Centro Turistico Givanile Veneto

Ostello “Città di Padova”

Via Aleardo Aleardi 30 - 35122 Padova - Italy

Tel. e fax +39.049.8752219 - E-mail:

Ostello CTG Città di Padova


History of Padua


According to the tradition, Padua was founded by Antenor, an Homeric Hero who took flight from Troy.

The ancient Padua rose on the banks of the river “Brenta” which at that time flowed in the course of the present “Bacchiglione”.

During the Roman domination, “Patavium”, as Padua was known by the Romans, became one of the most richest cities of the empire.

Afterwards the fall of the Roman Empire, Padua saw, in 589, the “Brenta” change its course, substituted by the “Bacchiglione”.

Later on, in 601, Padua was besieged and completely razed by the Lombards.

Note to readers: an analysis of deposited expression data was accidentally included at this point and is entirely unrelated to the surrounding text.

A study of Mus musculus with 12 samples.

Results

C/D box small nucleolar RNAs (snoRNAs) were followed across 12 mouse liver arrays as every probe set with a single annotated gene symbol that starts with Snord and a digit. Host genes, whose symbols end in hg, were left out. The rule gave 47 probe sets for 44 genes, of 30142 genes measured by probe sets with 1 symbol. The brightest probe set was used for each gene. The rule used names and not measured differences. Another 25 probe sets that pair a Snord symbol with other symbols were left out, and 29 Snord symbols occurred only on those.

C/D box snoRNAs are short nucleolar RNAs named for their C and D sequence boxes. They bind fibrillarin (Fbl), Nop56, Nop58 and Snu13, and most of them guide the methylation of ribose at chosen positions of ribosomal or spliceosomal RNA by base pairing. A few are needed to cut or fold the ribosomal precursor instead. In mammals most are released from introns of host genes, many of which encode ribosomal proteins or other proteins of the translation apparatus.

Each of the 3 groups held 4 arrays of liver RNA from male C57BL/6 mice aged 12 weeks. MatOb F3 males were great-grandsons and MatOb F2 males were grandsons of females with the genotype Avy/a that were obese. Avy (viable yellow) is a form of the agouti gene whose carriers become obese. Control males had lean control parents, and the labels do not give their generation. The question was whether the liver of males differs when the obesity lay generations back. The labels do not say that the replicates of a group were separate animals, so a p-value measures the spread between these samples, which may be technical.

Only after the 1000 Padua restarted to grew in power and self-reliance as an independent commune, even if it had to suffer the consequences of the earthquakes in 1004 and in 1117 and of the big fire in 1174.

In the following years Padua extended its importance and properties.

In 1222 was founded the University, the second most ancient of Italy and one of the first and most prestigious of Europe.

In Padua preached Saint Anthony, and when he died in 1231, the Paduans built a magnificent Basilica in his honour.

Between 1302 and 1305 Giotto painted The Scrovegni Chapel, of inestimable pictorial value.

In 1405 Padua passed under Venetian rule.

In 1797 the Venetian Republic fell down because of the first Napoleonic campaign and Padua was ceded to the Austrian Empire.

In 1848 Padua saw a student revolt against the Austrian occupation, so far the date of the insurrection, on February 8, is celebrated.

In 1866 Vittorio Emanuele II entered in the city and Padua was annexed to the recently united Italy.